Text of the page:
The WTO’s mission creep may lead to the organization’s suicide.



According to witnesses, at a protest by hundreds of “globalphobics” (as the native Mexicans are calling them down here) on the opening day of the WTO’s Fifth Ministerial Meeting, Kun Hai Lee (alternatively known as Lee Kyung-hae) stood in front of police barricades and declared that “the WTO kills farmers.” With that, he knifed himself to protest the WTO’s agricultural policies. He died later at a Cancun hospital.

Weirdly enough at this vibrant and sunny beachside resort, murder — self-inflicted or otherwise — has become a major theme of the conference.

Earlier in the week, the Center for a New Europe, a Brussels-based think tank, released a report claiming that European agricultural policies were responsible for killing thousands of people in developing countries. The report says that “EU trade barriers kill one person every 13 seconds.”

According to the report, “Trade barriers imposed by the EU are more than just a technical issue. Lack of access to the European market — by far the richest in the world — slows development in the poorest countries of the world, condemns thousands of millions of people to poverty and kills many others.”

And before the conference even started, an organization called Christian Aid dubbed Europe “The Undertaker of the Development Round” for its agricultural policies. Criticizing the EU’s repeated delays of CAP reform and other efforts to lower trade barriers, Oisin Coghlan, an NGO representative for the Irish government delegation, said “each broken promise bangs another nail in the coffin.”

This disgust with European agricultural policies crosses political boundaries. Left-leaning voices such as the New York Times and Washington Post editorial pages, as well as NGOs such as OxFam, repeat the same arguments made by the Wall Street Journal and the Cato Institute.

So if agricultural barriers are so obviously a moral horror, and if there is such a thorough consensus across the political spectrum arguing that Europeans (and Americans) should eliminate them, why is it taking so long to tear down these barriers to trade?

The answer is complicated, and certainly domestic political farm lobbies are partly responsible. But some of the blame — indeed much of the blame — rests with the anti-globalization activists and protest groups who this week mourn a compatriot who took his own life.

The World Trade Organization is primarily an economic organization, designed to facilitate the reduction of obstacles to trade. In a booklet called “Understand the WTO,” the WTO defines itself thusly: “Simply put: the World Trade Organization (WTO) deals with the rules of trade between nations at a global or near-global level.” And in a sense, it really should be that simple. But it’s not been allowed to remain simple for long.

Since its inception in 1995, activists and ideologues have looked to transform the WTO, to expand its mission and scope. For them, it’s not enough for the WTO to work on tearing down trade barriers — a difficult enough task in its own right. Instead, for green groups like Greenpeace and Worldwide Fund for Nature, the WTO must also work to influence environmental standards around the globe. Labor unions and other organizations want the WTO to enforce global labor standards. Health activists, such as the group Doctors Without Borders, insist the organization must also weaken intellectual property rights, which they believe will help boost global health and medical provision.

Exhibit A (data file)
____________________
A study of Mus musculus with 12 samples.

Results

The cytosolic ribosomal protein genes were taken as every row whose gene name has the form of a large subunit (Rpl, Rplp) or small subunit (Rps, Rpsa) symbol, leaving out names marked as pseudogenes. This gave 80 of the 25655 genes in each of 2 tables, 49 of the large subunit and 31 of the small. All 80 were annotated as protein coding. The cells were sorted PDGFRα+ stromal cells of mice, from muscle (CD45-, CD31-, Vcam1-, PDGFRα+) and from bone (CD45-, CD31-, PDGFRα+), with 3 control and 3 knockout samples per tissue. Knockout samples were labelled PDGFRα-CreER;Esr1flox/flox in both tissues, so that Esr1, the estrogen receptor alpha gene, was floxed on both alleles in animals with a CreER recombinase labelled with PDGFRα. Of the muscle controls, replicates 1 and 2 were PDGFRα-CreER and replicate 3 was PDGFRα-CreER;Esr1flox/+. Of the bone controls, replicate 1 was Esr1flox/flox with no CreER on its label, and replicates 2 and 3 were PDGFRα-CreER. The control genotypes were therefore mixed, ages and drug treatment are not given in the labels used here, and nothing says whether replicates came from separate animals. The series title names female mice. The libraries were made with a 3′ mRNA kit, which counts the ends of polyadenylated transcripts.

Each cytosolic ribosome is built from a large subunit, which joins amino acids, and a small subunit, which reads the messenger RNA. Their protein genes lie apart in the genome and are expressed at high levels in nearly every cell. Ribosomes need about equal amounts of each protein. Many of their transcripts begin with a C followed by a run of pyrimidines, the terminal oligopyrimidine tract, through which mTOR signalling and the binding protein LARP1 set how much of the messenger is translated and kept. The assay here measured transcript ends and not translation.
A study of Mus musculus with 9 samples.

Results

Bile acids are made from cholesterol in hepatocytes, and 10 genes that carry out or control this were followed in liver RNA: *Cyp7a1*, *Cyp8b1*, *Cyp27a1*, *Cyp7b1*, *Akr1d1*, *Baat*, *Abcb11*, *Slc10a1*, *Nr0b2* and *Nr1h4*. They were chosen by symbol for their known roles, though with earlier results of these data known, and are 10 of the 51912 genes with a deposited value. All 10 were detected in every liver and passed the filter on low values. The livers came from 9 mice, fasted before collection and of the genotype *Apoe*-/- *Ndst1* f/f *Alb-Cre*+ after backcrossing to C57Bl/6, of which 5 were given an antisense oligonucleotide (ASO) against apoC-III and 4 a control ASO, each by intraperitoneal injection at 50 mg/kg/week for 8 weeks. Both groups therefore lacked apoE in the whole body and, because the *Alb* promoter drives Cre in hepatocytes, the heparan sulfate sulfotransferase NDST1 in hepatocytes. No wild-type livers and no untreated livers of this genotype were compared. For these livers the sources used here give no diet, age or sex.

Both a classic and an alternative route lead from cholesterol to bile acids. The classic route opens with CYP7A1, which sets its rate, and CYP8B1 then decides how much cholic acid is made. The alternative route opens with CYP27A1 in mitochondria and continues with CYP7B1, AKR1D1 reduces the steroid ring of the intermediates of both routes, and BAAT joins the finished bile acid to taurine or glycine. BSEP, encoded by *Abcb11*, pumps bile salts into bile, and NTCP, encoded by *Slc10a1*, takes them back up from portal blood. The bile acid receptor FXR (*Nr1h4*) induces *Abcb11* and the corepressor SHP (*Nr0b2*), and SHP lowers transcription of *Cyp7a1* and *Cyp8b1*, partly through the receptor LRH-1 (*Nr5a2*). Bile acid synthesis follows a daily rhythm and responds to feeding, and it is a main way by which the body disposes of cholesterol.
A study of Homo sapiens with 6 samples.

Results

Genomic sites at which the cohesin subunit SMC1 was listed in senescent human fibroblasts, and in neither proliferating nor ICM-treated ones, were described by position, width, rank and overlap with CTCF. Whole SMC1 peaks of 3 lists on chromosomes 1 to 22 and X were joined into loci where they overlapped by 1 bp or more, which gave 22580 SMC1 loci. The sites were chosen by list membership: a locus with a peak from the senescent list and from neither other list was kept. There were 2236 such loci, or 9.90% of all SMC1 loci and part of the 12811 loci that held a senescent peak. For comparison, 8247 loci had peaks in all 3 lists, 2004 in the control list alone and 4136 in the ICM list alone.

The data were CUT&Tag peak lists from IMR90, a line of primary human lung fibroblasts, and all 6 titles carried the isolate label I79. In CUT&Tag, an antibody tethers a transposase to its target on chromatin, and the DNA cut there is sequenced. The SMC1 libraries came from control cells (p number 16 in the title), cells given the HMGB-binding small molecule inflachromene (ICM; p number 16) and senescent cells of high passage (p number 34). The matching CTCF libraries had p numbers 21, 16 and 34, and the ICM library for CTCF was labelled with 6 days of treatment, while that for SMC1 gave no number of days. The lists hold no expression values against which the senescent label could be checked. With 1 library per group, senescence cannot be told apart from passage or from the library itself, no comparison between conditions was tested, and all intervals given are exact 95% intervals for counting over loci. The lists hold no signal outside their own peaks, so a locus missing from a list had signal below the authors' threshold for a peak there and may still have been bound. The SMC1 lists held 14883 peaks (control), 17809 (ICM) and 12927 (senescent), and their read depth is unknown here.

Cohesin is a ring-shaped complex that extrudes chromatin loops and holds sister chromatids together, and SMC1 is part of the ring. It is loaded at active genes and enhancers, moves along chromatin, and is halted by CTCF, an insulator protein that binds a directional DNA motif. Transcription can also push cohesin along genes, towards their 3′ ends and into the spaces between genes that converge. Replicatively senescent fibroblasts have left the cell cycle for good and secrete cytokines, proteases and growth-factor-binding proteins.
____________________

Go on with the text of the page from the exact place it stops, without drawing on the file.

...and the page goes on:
To be sure, the realm of global trade touches on the environment, labor, and healthcare, just as it does a host of other issues. But activists and NGOs have lobbied the Organization so effectively to focus on their pet concerns that the WTO has now moved a considerable distance away from concentrating on its core mission.

Consider that on the day before the conference began, the European Union delegation hosted an all-day conference to celebrate what it called “Sustainable Trade Day.” The focus was not of trade itself, or on reducing obstacles to trade. Instead it centered on questions of “sustainability” — green regulations, labor standards, and the like.

Even the United States, generally perceived to be the most pro free-trade member nation, is facilitating the WTO’s mission creep. At a panel its delegation hosted on trade and the environment, the Deputy Assistant U.S. Trade Representative for Environment and Natural Resources, Mark Linscott, addressed the intersection of trade and the environment. He said the United States was looking forward to working with NGOs on finding ways to tackle concerns about the impact of global trade on the environment. When I asked him if there would be any discussion of alarmist environmental barriers to trade — such as European restrictions on trade in genetically modified foods — he said “there was not a negotiation on that this week.”

In other words, the WTO would be focusing on the potential harms done by free trade, and not on the barriers blocking trade from happening in the first place.

There is still hope that the WTO can reach an agreement on tearing down indefensible European and American trade distorting subsidies that prevent the developing world from getting on the path to prosperity. But given the large and ever-increasing number of issues the organization must — at the sometimes violent insistence of interest groups and activists — concern itself with, it will be little wonder if the WTO fails to take concrete action on anything of substance this week.

That would be a shame, for a Korean farmer will have taken his life in vain. In a sad irony, his compatriots in the protest and NGO communities have only themselves to blame for the WTO’s failures to help the world’s poor farmers.

Nick Schulz is editor of Tech Central Station.